VOV.VN - Vietnam’s Chut ethnic group have a very small population, who live mainly in Bo Trach and Quang Trach districts in Quang Binh province, with some clans living there for more than 500 years.
The Chut have five branches – Sach, May, Ruc, A Rem, and Ma Lieng, who all belong to the Viet-Muong linguistic group. They are one of 16 ethnic groups with a small population in Vietnam. Dr. Kim Ngoc, who has studied the Chut, says from 1905 to 1911, French scholars and missionaries wrote the first articles about people living sporadically scattered in the mountains near the Gianh River who were called the Tac Cui, Cha Cui, or U Mo people.
In 1959, Vietnamese border guards discovered a group of people wearing loincloths and clothes made of tree bark living a nomadic life and sheltering in caves.
According to Dr. Kim Ngoc, the earliest French studies mentioned the Ruc and A Rem people. The ancient encyclopedia of Vietnam "Phu Bien Tap Luc" and the geography book of the central coast "O Chau Can Luc" mentioned the Sach people. Sach means a hamlet or village in a small valley. The feudal regimes called the people living there the Sach.
The nomadic people living in the forests that the French met in early 1900s and that the border guards patrolling the border met in 1959 were not identified as Ruc, Ma Lieng, or A Rem. At that time they were just known as Vietnamese people because they spoke Vietnamese and they called themselves Vietnamesec.
In late 1973 scientists categorized the Sach, May, Ruc, A Rem, and Ma Lieng as the Chut, which means high mountain.
The Sach people live in relatively flat valleys in the limestone mountains. The soil is mainly clay mixed with a little alluvial soil from the streams, which is quite good for growing maize and other crops.
The May live among the Ma Lieng, Sach, Nguon, Kinh, and Lao communities. They say "May” means people who live by rivers and springs.
The Ruc used to live a nomadic life, moving from save to cave every 5 to 15 days. The Ma Lieng and A Rem lived on steep slopes or at the foot of rocky steep cliffs.
“Now the Chut live in villages. The local authorities reserve flat areas in the narrow valleys for them to live and grow crops. The A Rem live in the heart of Phong Nha-Ke Bang National Park and grow crops in the buffer zone of the Park. The Ma Lieng in Rao Tre grow wet rice in low land areas. The Ruc and Sach people in Ruc Lan and Ma Ma Ca Tap also grow rice on narrow strips of land that they can irrigate,” says Dr. Kim Ngoc.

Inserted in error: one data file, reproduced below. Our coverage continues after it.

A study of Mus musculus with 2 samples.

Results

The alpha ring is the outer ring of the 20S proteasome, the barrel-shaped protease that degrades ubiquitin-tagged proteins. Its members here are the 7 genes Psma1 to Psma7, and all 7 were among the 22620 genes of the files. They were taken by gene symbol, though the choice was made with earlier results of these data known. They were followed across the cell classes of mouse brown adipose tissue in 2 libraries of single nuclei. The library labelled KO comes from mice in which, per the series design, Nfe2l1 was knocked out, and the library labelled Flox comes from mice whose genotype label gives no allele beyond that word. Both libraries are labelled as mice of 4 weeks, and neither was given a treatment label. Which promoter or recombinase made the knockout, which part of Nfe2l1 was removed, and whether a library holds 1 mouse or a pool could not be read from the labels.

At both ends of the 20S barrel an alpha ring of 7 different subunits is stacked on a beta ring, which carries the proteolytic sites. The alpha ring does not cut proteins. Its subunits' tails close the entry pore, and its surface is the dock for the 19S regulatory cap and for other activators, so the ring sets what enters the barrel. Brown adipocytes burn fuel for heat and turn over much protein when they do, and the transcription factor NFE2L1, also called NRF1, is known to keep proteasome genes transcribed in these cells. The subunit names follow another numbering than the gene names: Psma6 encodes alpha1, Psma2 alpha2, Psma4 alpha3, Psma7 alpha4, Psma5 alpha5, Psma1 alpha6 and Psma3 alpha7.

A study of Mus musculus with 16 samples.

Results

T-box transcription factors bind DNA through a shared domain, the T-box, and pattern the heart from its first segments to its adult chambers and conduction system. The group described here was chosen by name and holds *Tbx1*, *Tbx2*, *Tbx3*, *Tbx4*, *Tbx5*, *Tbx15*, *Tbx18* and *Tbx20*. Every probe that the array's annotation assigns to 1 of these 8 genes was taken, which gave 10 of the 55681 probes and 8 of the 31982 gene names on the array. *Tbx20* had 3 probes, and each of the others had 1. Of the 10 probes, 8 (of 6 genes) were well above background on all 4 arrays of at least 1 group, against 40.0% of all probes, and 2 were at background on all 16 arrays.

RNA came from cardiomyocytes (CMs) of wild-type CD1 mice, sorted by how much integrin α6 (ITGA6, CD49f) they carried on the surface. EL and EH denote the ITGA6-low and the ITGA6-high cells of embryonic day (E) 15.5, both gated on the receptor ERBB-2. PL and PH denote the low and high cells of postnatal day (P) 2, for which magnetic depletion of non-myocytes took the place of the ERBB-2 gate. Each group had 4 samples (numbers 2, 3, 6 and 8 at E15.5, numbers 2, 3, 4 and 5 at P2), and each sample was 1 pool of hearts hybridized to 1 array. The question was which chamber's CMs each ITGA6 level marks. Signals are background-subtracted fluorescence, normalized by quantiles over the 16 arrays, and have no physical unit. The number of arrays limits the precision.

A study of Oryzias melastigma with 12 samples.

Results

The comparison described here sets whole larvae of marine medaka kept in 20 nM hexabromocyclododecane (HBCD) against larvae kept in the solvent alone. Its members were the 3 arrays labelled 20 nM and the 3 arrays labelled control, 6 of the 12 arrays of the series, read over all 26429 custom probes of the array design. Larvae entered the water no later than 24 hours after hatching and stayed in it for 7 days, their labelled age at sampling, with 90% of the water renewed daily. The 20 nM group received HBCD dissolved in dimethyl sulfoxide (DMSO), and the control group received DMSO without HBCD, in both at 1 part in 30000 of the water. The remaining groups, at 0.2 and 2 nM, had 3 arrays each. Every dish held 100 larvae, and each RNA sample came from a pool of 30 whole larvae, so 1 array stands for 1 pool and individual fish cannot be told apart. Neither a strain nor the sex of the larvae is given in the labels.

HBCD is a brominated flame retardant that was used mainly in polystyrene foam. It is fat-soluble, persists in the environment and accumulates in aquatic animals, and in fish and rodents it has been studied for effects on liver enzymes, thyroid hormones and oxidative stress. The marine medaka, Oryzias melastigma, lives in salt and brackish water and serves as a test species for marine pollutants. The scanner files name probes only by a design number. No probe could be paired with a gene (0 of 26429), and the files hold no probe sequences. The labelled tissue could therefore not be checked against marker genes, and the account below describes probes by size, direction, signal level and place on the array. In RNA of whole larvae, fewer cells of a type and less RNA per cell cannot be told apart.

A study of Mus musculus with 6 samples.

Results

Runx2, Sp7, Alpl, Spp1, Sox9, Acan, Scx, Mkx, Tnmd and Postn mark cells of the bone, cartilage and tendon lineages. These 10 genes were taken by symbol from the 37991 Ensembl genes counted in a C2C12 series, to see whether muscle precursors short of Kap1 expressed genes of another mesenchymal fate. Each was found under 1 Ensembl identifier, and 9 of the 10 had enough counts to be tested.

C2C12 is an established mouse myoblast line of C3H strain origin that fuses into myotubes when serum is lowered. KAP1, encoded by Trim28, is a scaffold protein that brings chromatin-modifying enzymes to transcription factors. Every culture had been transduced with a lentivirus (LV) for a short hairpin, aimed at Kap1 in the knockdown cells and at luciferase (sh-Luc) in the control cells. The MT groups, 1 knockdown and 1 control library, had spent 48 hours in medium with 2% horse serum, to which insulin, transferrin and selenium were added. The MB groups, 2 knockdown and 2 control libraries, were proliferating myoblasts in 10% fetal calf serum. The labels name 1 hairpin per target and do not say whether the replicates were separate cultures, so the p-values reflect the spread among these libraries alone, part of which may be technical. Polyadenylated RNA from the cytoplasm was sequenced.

Scientists have found out some interesting things about the language of the Chut.
“The Chut language has many double syllables, a feature of the early Vietnamese language. In the 14th and 15th century, some groups travelled to the north and interacted with the Han Chinese, who were Vietnamized and started speaking Vietnamese. One group that lived among the Thai people in the north central region became the Muong. One group went into the mountains and lived among Laotian ethnic groups. There is still a group in Laos called the Chut people,” continues Dr. Kim Ngoc.
The Chut’s stilt houses are usually built on a steep, slope at the foot of a cliff, or near a spring. The stilt house has a simple structure that consists of wood joinery and rope lashing, with walls usually of bamboo and rattan.
The A Rem, Ma Lieng, and May live in stilt houses, while the Sach live in earthen houses. A Sach house May have 1, 2 or 3 compartments. When building a house, the Sach take into consideration the age of the house’s owner. The direction of the trees used to make the house is also specified with the root at the front and the top at the back along the length of the house; the root on the right and the top on the left side of the house; and the root below and the top above on the slope of the roof.
Dr. Kim Ngoc elaborates: “A Chut house has a sleeping and cooking area. The Sach live in ground-level houses in villages. The May and A Rem live in stilt houses. The Ma Lieng used to live temporary camps. Women slept in the cooking area. The main hall was only for men. A pillar at one corner with a protruding wood shelf serves as an ancestral altar. They don’t burn incense to worship.”
The Ruc were the last people to give up living in caves. After the resettlement campaign began in 1957, the number of people living in caves soon decreased. People moved to simple shacks and then to more permanent houses in Yen Hop and Mo O hamlet.